Published January 1, 1996 | January 1996 issue
Wisconsin, long known as a center of beer brewing, is becoming home to a host of microbreweries that are changing the face of the industry.
In 1986 there were nine total breweries in the state, now there are 25, including large and small breweries, according to state beer production figures. Microbreweries, which produce 15,000 or fewer barrels annually, are contributing to that growth: A new microbrewery opened in Green Bay in early December, and several others are expected to begin operations over the next few months.
"Micros are giving the industry a shot in the arm," says Tom Sheforgen, Wisconsin Wholesale Beer Distributors Association executive vice president. The beer industry overall is flat, partially due to the aging of the baby boomers, says Sheforgen, adding that the biggest market is 24- to 35-year-olds. "[Micros] offer people a variety," Sheforgen adds, noting that the large breweries are adding to the market by reviving or creating specialty brews of their own.
Kelly McDowell, legislative counsel to the Wisconsin State Brewers Association, agrees. "Microbreweries attract a new kind of customer. And while brewing over the years has become more corporate in nature," McDowell says, "microbreweries have reversed that trend and bring a local flavor to the industry."
Viking Brewery, which plans to begin distributing its products next spring, is moving into an old creamery in Dallas, a town of 450 about 30 miles north of Menomonie in northwestern Wisconsin. Randy Lee, Viking president, says he's been a home brewer for 11 or 12 years and is an engineer by trade. Brewing is "a hobby gone astray," he says. Lee chose Dallas largely because of the quality of its water. "The big breweries don't need to worry about that; they can simply recreate it," says Lee, but for a small brewer the chemical makeup of the water is important.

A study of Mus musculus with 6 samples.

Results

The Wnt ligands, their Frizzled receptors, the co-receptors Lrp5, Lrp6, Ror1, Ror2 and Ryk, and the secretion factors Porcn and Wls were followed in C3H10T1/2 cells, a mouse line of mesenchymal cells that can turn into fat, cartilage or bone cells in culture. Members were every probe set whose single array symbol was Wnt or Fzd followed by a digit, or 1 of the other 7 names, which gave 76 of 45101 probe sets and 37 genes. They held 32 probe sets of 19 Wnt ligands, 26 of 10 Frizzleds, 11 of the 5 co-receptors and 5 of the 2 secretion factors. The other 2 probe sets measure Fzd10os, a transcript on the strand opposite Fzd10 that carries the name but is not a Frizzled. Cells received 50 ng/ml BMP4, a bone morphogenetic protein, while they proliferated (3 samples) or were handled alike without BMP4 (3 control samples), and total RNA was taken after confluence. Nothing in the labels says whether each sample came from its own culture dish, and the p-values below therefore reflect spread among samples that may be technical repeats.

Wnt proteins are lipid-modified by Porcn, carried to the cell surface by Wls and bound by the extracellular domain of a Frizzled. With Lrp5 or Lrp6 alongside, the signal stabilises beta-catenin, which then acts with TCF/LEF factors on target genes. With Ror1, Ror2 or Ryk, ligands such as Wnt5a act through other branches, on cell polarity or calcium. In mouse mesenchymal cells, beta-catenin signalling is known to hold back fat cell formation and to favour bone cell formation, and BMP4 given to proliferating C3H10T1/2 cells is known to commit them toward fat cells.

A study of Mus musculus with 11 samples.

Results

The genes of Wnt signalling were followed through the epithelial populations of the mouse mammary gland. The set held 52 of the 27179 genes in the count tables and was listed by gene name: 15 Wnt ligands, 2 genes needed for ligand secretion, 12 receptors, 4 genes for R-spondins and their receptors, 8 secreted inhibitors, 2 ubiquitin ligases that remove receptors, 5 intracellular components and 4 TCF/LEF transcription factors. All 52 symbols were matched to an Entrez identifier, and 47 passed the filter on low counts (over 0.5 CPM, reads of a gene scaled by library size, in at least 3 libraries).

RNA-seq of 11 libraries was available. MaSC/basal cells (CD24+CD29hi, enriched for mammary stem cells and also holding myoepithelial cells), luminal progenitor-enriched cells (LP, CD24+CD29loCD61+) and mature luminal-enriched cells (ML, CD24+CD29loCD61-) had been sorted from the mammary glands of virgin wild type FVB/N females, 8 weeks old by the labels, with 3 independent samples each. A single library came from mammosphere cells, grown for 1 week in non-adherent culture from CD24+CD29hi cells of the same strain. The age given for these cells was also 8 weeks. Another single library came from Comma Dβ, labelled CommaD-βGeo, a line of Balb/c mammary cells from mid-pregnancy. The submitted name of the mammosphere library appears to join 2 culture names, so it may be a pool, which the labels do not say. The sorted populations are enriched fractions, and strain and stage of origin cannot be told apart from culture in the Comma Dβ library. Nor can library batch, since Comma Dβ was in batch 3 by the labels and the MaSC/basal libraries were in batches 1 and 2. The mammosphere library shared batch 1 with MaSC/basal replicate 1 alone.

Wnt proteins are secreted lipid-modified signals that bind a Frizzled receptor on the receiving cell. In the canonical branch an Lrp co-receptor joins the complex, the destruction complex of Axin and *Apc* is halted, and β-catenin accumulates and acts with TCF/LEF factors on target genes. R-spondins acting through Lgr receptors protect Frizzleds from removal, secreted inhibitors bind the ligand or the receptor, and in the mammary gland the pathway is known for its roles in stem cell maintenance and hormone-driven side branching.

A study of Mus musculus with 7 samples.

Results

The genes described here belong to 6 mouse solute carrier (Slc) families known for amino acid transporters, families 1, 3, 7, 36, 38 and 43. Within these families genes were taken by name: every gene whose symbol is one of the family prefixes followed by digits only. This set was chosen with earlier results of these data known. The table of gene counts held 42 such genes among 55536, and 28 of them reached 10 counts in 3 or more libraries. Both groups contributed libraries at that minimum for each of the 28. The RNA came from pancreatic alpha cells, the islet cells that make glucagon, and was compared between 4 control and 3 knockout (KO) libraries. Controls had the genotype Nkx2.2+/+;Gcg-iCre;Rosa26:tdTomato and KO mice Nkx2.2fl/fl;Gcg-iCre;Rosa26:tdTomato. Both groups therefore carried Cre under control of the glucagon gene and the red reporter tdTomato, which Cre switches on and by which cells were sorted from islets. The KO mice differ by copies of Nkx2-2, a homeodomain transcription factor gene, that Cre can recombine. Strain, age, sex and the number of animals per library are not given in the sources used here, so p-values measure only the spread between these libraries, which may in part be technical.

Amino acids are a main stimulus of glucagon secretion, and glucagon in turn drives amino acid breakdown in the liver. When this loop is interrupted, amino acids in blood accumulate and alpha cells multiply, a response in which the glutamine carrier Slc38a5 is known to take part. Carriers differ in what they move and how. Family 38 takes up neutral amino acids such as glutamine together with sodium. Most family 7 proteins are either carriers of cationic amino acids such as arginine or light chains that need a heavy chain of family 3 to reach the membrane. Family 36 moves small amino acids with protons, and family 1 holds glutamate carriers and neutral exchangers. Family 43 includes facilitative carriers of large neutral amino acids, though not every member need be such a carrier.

Viking plans to market its products in a 50-mile radius of Dallas, including Hayward, which is the center of a tourist region. Future expansion might extend to River Falls and Hudson, on the edge of the Twin Cities metro area, Lee says. "The market isn't huge, but it's there," Lee says, adding that microbrews only make up about 2 percent of the market.
But the growth of microbreweries is not just a Wisconsin phenomenon. "If you go to Seattle, you can hardly walk a block without tripping over a brew pub," Lee says. He believes growth will continue and that small breweries are here to stay. While overall beer market growth has been a fraction of 1 percent, Lee says, micros are growing about 30 percent annually.